Thankfully, I had the day off today. I didn't have to worry about losing a precious hour of sleep. In fact, I didn't stumble out of bed until ten. I was one of the lucky ones. Millions of other working men and women had to pry their eyes open with crowbars and slap their circadian rhythms into shape, because of a wonderfully silly mandate we like to call Daylight Savings Time. DST, originally conceived by Benjamin Franklin, is designed to provide more usable hours of sunlight during the summer months. It is alleged to conserve energy as well, since artificial light is used for less time each day. Congress even decided to make the switch earlier this year to save more energy.
Look, I'm all for saving energy, but I sincerely wish DST would go the way of the dodo. It is ridiculously inconvenient and stupendously counterproductive. Any energy saved at night is surely lost each morning, when (Surprise!) early-risers have to turn on the lights to get ready. Our biological clocks have been built into us by evolution. There's not much we can do about the fact that the earth rotates about the sun on a pivoting axis and sometimes it's light and sometimes isn't. The 24 hour day is a function of life on this planet.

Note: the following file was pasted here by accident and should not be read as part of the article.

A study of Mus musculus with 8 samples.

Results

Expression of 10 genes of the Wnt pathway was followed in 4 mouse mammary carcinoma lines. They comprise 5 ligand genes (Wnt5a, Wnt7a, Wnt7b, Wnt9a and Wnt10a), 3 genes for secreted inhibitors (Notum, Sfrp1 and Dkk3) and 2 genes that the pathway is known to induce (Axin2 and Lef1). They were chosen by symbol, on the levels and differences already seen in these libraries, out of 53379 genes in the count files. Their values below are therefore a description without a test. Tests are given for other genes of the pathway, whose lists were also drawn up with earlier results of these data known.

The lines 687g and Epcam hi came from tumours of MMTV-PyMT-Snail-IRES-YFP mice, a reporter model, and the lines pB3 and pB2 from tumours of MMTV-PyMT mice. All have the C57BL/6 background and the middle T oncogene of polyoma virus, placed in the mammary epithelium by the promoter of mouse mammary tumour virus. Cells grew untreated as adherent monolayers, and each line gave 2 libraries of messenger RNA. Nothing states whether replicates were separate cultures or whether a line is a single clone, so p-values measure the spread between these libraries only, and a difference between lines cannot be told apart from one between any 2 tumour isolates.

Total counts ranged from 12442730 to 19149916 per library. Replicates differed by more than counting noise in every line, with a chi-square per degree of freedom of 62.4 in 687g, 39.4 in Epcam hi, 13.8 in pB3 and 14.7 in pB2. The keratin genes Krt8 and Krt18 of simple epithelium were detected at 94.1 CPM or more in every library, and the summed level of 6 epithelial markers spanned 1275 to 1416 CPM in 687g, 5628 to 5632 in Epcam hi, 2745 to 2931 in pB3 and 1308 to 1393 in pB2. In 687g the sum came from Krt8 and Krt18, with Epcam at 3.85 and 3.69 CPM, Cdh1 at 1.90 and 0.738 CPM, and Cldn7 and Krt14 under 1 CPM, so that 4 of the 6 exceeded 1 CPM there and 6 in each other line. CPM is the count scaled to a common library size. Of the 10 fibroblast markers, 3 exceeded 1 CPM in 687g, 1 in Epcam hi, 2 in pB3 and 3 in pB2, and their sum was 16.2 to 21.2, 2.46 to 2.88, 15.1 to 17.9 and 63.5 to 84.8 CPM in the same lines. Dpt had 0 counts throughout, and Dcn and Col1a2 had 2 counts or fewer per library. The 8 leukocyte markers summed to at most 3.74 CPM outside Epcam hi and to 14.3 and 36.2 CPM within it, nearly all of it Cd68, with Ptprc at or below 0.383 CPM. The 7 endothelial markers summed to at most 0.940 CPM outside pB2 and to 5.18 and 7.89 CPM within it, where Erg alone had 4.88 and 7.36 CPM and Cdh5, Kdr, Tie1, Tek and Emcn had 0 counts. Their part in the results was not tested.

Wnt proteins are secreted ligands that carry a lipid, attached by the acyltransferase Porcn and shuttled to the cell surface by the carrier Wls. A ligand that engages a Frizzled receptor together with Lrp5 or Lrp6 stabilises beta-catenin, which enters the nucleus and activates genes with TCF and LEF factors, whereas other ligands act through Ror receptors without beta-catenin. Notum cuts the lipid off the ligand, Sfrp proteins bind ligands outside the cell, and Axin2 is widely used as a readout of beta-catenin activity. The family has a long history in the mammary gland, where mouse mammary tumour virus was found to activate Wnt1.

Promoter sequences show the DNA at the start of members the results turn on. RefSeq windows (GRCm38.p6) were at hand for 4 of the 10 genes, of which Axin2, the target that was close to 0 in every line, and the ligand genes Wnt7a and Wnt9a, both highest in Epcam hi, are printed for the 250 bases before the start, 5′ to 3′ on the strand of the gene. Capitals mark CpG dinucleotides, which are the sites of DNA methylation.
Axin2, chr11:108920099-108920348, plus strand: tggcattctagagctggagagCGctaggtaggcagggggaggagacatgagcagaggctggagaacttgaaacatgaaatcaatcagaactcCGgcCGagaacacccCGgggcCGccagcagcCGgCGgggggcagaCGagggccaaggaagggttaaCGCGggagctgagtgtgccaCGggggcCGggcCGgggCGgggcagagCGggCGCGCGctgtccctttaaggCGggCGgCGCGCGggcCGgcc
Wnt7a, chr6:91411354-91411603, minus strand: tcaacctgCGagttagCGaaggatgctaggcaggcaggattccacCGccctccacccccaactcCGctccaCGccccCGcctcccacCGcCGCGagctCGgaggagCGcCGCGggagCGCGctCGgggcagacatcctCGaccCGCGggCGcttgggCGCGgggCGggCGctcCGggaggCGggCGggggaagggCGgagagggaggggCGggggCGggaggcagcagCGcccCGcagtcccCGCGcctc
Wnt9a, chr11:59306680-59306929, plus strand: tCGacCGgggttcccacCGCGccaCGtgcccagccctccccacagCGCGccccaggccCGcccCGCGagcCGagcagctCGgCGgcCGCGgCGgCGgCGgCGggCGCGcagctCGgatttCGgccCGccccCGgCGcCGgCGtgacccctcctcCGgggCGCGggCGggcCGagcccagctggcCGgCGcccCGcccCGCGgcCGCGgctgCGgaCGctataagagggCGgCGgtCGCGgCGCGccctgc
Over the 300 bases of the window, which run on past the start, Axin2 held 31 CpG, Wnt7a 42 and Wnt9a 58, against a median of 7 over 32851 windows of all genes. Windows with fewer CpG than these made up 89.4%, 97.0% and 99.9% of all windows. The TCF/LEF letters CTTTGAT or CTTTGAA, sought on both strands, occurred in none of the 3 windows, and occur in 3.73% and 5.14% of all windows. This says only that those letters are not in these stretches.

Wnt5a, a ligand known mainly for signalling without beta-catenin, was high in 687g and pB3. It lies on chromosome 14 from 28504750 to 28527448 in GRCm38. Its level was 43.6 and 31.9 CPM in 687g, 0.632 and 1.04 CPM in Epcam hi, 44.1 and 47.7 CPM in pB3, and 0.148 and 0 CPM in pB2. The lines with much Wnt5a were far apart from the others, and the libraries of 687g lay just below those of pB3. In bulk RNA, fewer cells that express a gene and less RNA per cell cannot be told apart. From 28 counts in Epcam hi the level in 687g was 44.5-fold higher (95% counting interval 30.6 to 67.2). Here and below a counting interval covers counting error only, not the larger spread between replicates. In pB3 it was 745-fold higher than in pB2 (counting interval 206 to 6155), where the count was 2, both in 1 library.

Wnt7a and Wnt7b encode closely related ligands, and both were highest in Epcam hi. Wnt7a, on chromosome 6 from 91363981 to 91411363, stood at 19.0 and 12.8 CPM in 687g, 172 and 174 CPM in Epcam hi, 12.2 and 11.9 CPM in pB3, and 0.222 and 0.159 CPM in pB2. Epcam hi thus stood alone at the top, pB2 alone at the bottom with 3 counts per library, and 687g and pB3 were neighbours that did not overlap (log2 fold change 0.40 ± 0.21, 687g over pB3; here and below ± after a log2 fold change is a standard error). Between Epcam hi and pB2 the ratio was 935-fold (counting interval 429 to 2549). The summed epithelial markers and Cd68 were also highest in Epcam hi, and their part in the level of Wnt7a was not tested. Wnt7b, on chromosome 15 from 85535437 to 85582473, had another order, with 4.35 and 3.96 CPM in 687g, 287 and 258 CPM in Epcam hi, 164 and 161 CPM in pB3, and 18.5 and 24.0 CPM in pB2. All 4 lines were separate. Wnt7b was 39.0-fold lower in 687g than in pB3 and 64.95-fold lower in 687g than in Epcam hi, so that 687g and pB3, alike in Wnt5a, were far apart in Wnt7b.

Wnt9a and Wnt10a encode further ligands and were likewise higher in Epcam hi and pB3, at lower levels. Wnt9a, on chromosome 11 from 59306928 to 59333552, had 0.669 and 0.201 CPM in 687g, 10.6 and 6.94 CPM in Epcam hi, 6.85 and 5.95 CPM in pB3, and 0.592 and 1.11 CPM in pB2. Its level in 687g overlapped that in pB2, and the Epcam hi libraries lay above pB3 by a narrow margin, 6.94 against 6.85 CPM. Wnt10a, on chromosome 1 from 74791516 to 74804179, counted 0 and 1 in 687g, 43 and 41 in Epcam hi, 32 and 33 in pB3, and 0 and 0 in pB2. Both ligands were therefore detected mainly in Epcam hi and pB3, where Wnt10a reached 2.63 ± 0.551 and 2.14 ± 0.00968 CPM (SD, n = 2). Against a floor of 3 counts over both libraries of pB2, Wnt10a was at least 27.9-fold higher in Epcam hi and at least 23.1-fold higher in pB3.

Which brings me to an interesting point. How will we measure time when we finally get off this rock? Will space-travelers remain harnessed to earth seconds or will they develop a new unit with which to sub-divide the day? What will happen if and when we encounter alien life? The odds of their planet rotating on its axis in the same period as hours isn't terribly good. Will the universe have to agree on a Greenwich Mean Time for the cosmos?
I think Poor Richard was a genius and by all accounts a snazzy dresser. I love his almanac, his high-flying kite, and his public libraries. But this Daylight Savings Time needs to go.